Bryan Caplan  

How Globalization Will Save Your Life


First, demand:

The cost of developing drugs for rare and common diseases are about the same, but the revenues aren't. Pharmaceutical companies concentrate on drugs with larger markets because larger markets mean more profits.

As a result, there are more drugs to treat diseases with a lot of patients than to treat rare diseases, and more drugs means greater life expectancy...

So imagine this: If China and India were as wealthy as the U.S., the market for cancer drugs would be eight times larger than it is today.

Of course, China and India are not yet as wealthy as the U.S., but their economies are growing rapidly, and with them, the market for new drugs.

Second, supply:
[T]here are only about 6 million scientists and engineers in the entire world, nearly a quarter of whom are in the U.S. Poverty means that millions of potentially world-class scientists today spend their lives trying to eke out a subsistence living, rather than leading mankind's charge into the future. But if the world as a whole were as wealthy as the U.S. and were devoting the same share of population to research and development, there would be more than five times as many scientists and engineers worldwide.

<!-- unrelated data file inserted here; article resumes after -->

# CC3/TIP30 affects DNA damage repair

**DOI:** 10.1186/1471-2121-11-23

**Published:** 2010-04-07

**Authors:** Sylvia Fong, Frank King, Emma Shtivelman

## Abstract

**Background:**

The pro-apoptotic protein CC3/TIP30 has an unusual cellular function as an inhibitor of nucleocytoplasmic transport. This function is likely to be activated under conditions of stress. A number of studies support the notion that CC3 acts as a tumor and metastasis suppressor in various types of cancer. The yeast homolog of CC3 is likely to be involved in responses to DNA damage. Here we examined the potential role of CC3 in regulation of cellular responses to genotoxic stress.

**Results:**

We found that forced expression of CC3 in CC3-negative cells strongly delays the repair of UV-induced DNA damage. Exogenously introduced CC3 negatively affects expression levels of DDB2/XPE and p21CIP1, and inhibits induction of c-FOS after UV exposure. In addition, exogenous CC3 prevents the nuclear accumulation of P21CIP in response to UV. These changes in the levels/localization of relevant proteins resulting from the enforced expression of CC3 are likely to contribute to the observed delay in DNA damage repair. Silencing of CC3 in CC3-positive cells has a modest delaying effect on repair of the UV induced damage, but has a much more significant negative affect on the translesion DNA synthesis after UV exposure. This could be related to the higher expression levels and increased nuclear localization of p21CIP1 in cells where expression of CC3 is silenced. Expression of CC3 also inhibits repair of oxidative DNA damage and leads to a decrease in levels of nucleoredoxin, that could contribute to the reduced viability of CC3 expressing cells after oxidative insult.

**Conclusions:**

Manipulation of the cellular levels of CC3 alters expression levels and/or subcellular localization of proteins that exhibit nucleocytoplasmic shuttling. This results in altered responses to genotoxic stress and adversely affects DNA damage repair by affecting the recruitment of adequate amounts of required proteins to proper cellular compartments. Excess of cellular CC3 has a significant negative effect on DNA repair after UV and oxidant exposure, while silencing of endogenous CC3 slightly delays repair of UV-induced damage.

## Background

In short, many of the American protectionists of today will one day be alive thanks to Chindian technology. Markets are short on poetic justice, but long on irony.


KDeRosa writes:
But if the world as a whole were as wealthy as the U.S. and were devoting the same share of population to research and development, there would be more than five times as many scientists and engineers worldwide.

Presently this is not a valid assumption. Engineers and scientists are drawn from the small group of high IQ, specifically high math IQ, persons at the right tail of the distribution. Having a low math IQ, basically excludes you from pursuingthese fields of study, much like being short excludes you from a career in the NBA.

The mean IQ outside the western world is considerably lower than it is in the western world and, for that matter, we've probably brain drained at least some of the high IQ talent that exists from non-western countries already. So, the supply of high IQ people needed to sustain all these budding engineers and scientists does not exist in outside of the western countries. The pool of qualified people is going to be considerably smaller (per capita) than the current pool and the end result will be less engineers and scientists per capita than the present number. The supply is simply not there.

Now, poverty is a harsh envirnmental factor that depresses IQ, but lifting these people out of poverty will not bridge the current IQ gaps. We see these gaps persist today even in the west where poverty is far less severe.

N. writes:

...but we don't need to know exact numbers to recognize that increasing wealth worldwide will lead to an increase in scientists and engineers, not to mention the market for innovation. All the excitement is at the margin!